Like many other readers, I have to credit Stephanie Meyer’s Twilight Saga for initiating me in the ways of paranormal romance. Prior to meeting Bella Swan, Edward Cullen, and Jacob Black, I never would have dreamed of venturing beyond my realm of realistic fiction, historical fiction, and fantasy. Twilight opened my eyes to a totally different genre than the ones I was used to, and I’ve been a fan ever since.
Though I’ve expanded to paranormal fiction, I have to admit my experience within the genre has been decidedly lopsided. I’ve gobbled up countless vampire novels, but the werewolf side of the house has been noticeably anemic. Hemlock is the beginning of my attempt to balance this out.
In Kathleen Peacock’s novel, the world is coming to terms with the existence of werewolves and dealing with the fear and prejudice that go along with this. Strict rules regulate werewolves, requiring that anyone who becomes infected by lupine syndrome, the disease that triggers a transformation from human to werewolf during periods of stress, anger, or other intense emotion, reports themselves within 30 days. At that time, the werewolf forfeits their assets and basic human rights and is relocated to a rehabilitation camp, where they must live out the rest of their lives “quarantined” from the rest of the population.
In the town of Hemlock, the general fear and mistrust is exacerbated by a rash of brutal werewolf attacks. When Amy, teenage granddaughter of a U.S. senator, is savagely murdered, the senator calls in a group of hunters known as the Trackers to help maintain order in the town and apprehend the wolf responsible. The group has its roots in white supremacy groups, so as you can imagine their methods and ideology leave something to be desired.
Amy’s best friend Mackenzie wants justice for Amy and the other victims, but she doesn’t agree with the Trackers that justice means the eradication of all werewolves. When it becomes evident that the police and the Trackers are more committed to furthering their own political agenda than actually solving Amy’s murder, Mac decides to take matters into her own hands and launch an investigation of her own.
I haven’t read enough werewolf books to truly gauge how Hemlock stacks up against its peers, but it didn’t strike me as particularly awe-inspiring. It’s a decent book, and I enjoyed Peacock’s writing style, but the plot is extremely predictable, and the mystery didn’t really wow me. The book also lacked the depth and weight I’d been expecting from a book about murder and prejudice and hate.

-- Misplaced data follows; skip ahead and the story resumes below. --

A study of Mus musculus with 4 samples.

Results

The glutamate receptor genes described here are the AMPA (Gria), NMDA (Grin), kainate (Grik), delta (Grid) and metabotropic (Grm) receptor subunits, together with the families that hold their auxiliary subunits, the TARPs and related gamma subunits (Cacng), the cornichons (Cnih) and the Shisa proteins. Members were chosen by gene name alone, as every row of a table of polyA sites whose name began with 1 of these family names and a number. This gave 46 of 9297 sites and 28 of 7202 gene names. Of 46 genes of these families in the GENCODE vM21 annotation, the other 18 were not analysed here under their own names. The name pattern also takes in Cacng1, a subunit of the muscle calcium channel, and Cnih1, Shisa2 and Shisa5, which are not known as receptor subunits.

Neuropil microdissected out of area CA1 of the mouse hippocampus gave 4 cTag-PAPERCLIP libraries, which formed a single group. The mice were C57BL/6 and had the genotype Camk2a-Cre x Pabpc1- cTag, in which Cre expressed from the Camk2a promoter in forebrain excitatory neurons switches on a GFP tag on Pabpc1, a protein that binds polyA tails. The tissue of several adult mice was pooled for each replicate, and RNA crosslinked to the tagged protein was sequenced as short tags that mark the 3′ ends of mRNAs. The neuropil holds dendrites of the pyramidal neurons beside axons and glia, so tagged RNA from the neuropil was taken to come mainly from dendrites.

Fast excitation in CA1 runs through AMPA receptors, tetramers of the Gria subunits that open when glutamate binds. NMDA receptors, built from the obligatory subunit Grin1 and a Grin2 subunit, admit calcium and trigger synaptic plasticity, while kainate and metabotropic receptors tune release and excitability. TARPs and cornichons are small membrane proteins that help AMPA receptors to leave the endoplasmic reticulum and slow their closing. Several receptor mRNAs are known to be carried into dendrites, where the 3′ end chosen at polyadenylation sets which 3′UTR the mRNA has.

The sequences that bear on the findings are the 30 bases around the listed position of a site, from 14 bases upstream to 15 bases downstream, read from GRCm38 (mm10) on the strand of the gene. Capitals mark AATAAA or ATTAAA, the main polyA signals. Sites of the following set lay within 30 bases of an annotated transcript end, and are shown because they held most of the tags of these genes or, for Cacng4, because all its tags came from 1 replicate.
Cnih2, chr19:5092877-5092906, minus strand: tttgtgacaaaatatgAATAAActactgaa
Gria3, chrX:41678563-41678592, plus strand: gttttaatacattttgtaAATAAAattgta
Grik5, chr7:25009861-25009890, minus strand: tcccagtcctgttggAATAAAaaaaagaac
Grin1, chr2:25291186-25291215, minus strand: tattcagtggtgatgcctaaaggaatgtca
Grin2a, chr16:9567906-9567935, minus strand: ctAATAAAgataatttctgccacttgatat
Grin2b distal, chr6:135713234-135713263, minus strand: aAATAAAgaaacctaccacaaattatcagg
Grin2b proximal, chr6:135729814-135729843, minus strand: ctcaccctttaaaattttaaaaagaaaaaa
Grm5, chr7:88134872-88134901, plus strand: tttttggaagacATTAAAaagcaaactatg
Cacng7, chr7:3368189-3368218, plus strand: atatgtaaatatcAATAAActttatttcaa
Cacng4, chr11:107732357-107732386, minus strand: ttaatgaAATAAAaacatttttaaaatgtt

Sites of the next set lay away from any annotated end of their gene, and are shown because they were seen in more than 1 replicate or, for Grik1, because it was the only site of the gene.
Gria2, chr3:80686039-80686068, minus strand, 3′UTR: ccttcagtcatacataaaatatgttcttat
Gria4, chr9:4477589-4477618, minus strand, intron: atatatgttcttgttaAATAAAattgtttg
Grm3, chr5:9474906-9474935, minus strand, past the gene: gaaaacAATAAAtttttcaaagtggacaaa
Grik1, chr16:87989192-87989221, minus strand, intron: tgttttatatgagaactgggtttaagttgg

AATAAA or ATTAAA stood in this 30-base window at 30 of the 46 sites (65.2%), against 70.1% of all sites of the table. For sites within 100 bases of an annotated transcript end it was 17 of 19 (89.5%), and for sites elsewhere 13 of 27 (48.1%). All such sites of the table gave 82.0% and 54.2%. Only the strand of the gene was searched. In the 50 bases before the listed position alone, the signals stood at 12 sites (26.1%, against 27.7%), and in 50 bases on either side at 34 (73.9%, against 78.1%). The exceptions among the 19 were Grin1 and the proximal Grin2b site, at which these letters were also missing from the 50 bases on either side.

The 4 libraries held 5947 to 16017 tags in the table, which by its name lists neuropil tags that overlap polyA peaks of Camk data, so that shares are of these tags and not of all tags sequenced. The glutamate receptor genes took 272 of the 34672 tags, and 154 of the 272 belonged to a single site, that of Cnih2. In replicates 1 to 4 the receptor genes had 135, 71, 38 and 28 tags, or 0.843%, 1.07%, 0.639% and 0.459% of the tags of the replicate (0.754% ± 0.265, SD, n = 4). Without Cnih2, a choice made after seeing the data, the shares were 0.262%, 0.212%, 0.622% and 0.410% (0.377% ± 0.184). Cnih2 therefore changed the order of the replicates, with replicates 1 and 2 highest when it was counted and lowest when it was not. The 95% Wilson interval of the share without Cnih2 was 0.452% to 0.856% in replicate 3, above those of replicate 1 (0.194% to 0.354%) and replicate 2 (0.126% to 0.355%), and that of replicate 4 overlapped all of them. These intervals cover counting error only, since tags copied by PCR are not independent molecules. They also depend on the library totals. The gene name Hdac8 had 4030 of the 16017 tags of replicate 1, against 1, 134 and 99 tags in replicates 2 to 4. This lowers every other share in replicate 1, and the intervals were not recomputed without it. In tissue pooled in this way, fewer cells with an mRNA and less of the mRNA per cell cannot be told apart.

One thing I did like about Hemlock was watching the evolution of the characters’ relationships. When Amy was alive, she and Mac were part of a happy posse that included Amy’s boyfriend Jason and his best friend Kyle. After Amy’s death, the relationship between the three survivors understandably changes. Jason’s guilt and grief drive him into a self-destructive downward spiral, and Mac’s determination to help him out of scrapes causes friction between her and Kyle. Grief, secrets, prejudice, and vastly differing opinions about the Trackers’ mission test the trio’s limits and strain their friendship.
I always find it fascinating to read about relationships where people try to operate as though nothing’s changed when it obviously has. It was interesting to see Mac try to reconcile the Jason and Kyle she knew and loved when Amy was alive with the Jason and Kyle who are left behind after Amy’s death. The “new” Jason spends a lot of time getting drunk, getting into fights, and basically being a dillweed, but Mac can’t help but remember the great guy he used to be before Amy’s murder. She can’t stop herself from caring about that Jason, and this is what keeps her in his corner, even when he’s acting like a jackass.
This is another thing that I liked about Hemlock: it doesn’t glorify being a “bad boy” like a lot of other YA novels do. While I’m all for fictional troublemakers, it’s a nice change to see a book that sends the message that dealing with drama and danger isn’t all it’s cracked up to be. Jason is rich and gorgeous, but the fact that he’s undependable and self-absorbed detracts from his appeal. As one character points out, “Someone needs to tell him that the drunken and tragic antihero isn’t all that sexy in real life.”
If it weren’t for the relationships in Hemlock, I probably wouldn’t have given this book more than 2 stars. As it stands, though, I feel like the trilogy has good potential, and I look forward to seeing the plot and characterization taken to the next level in the sequel, Thornhill.